Greener, cleaner jet fuel has become a hot commodity at Heathrow as the airport embarks on the second year of its sustainable aviation fuel (SAF) incentive scheme.



In 2022, Heathrow launched a world first—a £38 million (USD$45.7 million) airport SAF incentive program that aimed to cover up to 50 percent of the extra cost, making the fuel more affordable for airlines to use.



With last year’s scheme oversubscribed, Heathrow is now aiming to triple the percentage used in 2023 to approximately 1.5 percent, putting the airport on course to be one the world’s largest users of SAF this year.



Participants of the scheme include International Airlines Group, Virgin Atlantic, United Airlines, Air France, KLM and JetBlue.



SAF is a proven technology that reduces carbon emissions by up to 70 percent compared with traditional jet fuel. It can be made from a variety of sources, including waste, animal fat and cooking oil. SAF can work in existing aircraft without the need for technical modifications, and with advancements in aircraft technology like electric or hydrogen-powered flight still some way from commercial implementation, SAF is the key to unlocking material reductions in carbon today.



As a global SAF leader, Heathrow is committed to progressively increasing the SAF used each year, with the airport targeting 11 percent SAF usage by 2030. This year alone the SAF incentive is expected to save more than 81,000 metric tons of CO2 and with a proven track record of success, Heathrow’s incentive scheme can now serve as blueprint for other airports to follow suit and introduce SAF into their own operations.



Heathrow’s innovative SAF program marks the next step in the airport and the U.K. aviation sector’s plan for net-zero flying, but the airport recognizes that the sector could move more quickly and cut carbon faster if the government injected pace into the expansion of SAF with supportive policymaking. High costs and low production volumes mean it remains in short supply with few able to access it at commercially viable rates.



The appetite to invest is there, but investors want certainty in the longer-term use of this technology before pouring in their capital.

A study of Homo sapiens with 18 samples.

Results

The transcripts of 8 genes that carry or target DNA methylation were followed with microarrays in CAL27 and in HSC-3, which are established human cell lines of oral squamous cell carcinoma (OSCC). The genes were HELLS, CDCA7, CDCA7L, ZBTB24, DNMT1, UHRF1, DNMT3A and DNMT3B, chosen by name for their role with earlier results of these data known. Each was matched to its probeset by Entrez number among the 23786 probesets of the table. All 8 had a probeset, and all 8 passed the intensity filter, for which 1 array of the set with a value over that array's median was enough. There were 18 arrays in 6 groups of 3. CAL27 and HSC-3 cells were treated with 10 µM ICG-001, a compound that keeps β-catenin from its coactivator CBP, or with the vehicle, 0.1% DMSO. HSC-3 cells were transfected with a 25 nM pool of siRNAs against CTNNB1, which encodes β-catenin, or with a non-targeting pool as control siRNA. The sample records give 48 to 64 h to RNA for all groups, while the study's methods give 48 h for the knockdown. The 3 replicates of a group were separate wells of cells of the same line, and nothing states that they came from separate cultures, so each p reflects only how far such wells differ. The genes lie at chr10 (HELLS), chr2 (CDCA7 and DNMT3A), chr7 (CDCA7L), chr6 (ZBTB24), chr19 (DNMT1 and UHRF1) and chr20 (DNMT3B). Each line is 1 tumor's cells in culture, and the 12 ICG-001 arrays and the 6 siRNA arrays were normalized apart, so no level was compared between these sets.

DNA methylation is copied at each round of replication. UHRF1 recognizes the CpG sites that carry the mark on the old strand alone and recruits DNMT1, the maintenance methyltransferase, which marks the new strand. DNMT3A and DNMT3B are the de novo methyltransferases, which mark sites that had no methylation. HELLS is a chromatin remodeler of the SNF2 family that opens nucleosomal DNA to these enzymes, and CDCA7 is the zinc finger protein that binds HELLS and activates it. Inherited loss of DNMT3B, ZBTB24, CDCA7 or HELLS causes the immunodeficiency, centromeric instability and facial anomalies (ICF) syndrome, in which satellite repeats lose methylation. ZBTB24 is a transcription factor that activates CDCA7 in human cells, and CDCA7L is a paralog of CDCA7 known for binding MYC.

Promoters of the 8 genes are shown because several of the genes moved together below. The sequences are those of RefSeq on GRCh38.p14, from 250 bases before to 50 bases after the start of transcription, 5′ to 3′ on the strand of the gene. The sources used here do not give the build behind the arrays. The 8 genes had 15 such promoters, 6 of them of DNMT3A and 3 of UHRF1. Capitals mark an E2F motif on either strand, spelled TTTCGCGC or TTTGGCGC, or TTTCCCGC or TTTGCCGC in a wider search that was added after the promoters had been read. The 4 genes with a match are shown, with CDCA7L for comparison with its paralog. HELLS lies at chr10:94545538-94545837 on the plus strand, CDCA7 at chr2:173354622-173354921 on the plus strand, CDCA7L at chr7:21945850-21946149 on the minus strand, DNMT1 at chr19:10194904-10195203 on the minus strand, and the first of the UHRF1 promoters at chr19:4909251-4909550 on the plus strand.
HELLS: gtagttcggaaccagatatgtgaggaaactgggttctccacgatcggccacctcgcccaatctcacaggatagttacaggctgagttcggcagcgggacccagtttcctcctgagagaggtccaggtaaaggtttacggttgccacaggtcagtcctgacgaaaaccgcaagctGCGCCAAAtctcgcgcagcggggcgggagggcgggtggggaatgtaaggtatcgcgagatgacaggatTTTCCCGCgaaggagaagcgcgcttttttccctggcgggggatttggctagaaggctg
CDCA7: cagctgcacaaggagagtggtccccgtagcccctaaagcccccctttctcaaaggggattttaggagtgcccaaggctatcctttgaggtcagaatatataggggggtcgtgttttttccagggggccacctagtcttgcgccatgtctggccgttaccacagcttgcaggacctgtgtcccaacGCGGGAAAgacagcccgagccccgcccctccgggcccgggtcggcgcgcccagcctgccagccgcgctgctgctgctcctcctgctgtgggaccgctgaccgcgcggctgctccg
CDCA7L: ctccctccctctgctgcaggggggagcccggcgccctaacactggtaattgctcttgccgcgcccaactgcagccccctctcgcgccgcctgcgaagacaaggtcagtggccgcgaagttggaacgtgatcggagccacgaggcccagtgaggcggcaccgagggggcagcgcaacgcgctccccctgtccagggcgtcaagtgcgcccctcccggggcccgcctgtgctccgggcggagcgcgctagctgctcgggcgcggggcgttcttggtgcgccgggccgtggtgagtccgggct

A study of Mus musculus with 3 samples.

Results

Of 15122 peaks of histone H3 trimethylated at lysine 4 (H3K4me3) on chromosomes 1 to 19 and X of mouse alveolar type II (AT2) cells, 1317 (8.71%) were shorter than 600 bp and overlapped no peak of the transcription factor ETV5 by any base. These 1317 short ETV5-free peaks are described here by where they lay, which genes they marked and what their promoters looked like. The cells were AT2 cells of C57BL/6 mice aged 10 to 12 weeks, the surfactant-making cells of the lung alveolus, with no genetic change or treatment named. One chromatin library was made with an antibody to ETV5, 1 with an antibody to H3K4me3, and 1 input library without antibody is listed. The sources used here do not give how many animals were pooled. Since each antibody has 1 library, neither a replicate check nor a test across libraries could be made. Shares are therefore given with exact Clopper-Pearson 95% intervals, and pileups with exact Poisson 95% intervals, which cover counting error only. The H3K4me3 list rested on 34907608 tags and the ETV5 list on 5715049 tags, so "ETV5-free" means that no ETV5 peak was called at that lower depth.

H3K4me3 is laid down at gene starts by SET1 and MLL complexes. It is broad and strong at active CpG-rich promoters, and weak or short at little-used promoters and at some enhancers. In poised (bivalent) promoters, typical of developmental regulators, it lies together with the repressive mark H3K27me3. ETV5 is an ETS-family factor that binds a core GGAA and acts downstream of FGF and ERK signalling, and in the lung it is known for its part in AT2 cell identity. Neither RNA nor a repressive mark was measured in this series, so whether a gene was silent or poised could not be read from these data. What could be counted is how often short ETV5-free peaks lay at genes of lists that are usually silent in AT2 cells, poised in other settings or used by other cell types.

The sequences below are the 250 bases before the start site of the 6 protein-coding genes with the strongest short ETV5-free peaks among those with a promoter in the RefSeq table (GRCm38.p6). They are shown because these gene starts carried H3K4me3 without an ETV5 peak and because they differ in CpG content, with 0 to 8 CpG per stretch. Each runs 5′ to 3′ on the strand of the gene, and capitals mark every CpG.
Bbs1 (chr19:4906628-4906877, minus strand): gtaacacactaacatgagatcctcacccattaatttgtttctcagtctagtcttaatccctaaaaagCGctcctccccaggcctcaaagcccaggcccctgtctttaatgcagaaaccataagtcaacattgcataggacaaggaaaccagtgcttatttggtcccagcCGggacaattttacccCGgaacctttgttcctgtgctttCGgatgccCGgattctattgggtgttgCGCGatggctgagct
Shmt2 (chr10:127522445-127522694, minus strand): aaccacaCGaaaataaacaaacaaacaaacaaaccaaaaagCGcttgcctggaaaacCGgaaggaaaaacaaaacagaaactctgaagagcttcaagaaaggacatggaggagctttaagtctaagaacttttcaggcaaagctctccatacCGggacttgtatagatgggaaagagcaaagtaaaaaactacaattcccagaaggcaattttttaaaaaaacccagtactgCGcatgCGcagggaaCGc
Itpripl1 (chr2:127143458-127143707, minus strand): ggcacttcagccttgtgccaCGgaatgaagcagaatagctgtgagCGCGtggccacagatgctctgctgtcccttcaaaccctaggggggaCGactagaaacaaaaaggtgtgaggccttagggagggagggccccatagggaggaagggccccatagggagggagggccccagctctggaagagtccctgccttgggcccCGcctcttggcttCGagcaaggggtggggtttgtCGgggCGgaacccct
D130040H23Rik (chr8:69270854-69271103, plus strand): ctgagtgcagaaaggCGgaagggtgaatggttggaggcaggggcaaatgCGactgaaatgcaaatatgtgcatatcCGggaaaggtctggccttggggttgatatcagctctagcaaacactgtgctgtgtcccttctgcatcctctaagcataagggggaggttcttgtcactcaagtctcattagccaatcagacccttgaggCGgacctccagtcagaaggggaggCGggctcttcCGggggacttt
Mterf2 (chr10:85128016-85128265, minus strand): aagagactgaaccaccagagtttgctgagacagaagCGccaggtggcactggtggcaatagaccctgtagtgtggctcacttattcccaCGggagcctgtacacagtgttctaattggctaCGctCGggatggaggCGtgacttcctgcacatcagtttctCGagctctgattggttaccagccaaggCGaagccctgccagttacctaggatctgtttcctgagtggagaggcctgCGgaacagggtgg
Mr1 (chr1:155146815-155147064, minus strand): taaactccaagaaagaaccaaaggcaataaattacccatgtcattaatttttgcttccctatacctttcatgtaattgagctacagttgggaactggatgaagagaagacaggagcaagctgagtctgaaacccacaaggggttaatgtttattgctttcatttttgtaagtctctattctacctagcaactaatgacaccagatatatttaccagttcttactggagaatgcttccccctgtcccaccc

The U.S. has acted directly to shore up SAF’s economic and net-zero impact. The Inflation Reduction Act, which includes a tax-credit scheme designed to lure SAF investors to America, is leaving the U.K. at risk of missing out on the multibillion-pound industry.



Government must act now to support the SAF industry for the U.K., which learns from but does not seek to replicate the U.S. system. This can be achieved by introducing a “contracts for difference” price-support mechanism, which would help to cut the price premium between SAF and fossil fuel and was successfully used to boost technologies in the U.K. like solar and wind.



Government must also act swiftly by committing into legislation a 10 percent mandate for SAF use by 2030 this year, before the impetus and the value is lost. Delay could mean that the U.K. SAF industry suffers and cannot keep up internationally.



By delivering both, the U.K. will see an immediate and tangible impact—with investment, jobs and skills seen right across the U.K.



“Sustainable aviation fuel is not just about protecting the benefits of aviation in a net-zero world—it’s about economic opportunity, creating jobs here in the U.K. and securing the country’s future energy supplies,” said Heathrow CEO John Holland-Kaye. “Heathrow has led the way on decarbonizing aviation by incentivizing airlines to use SAF, and Team Heathrow is now probably the biggest user of SAF in the world. But it is currently all imported. If Britain really wants to compete with the scale of ambition and the credible action seen from the U.S. and Europe, supportive government policy is needed and it is needed now.”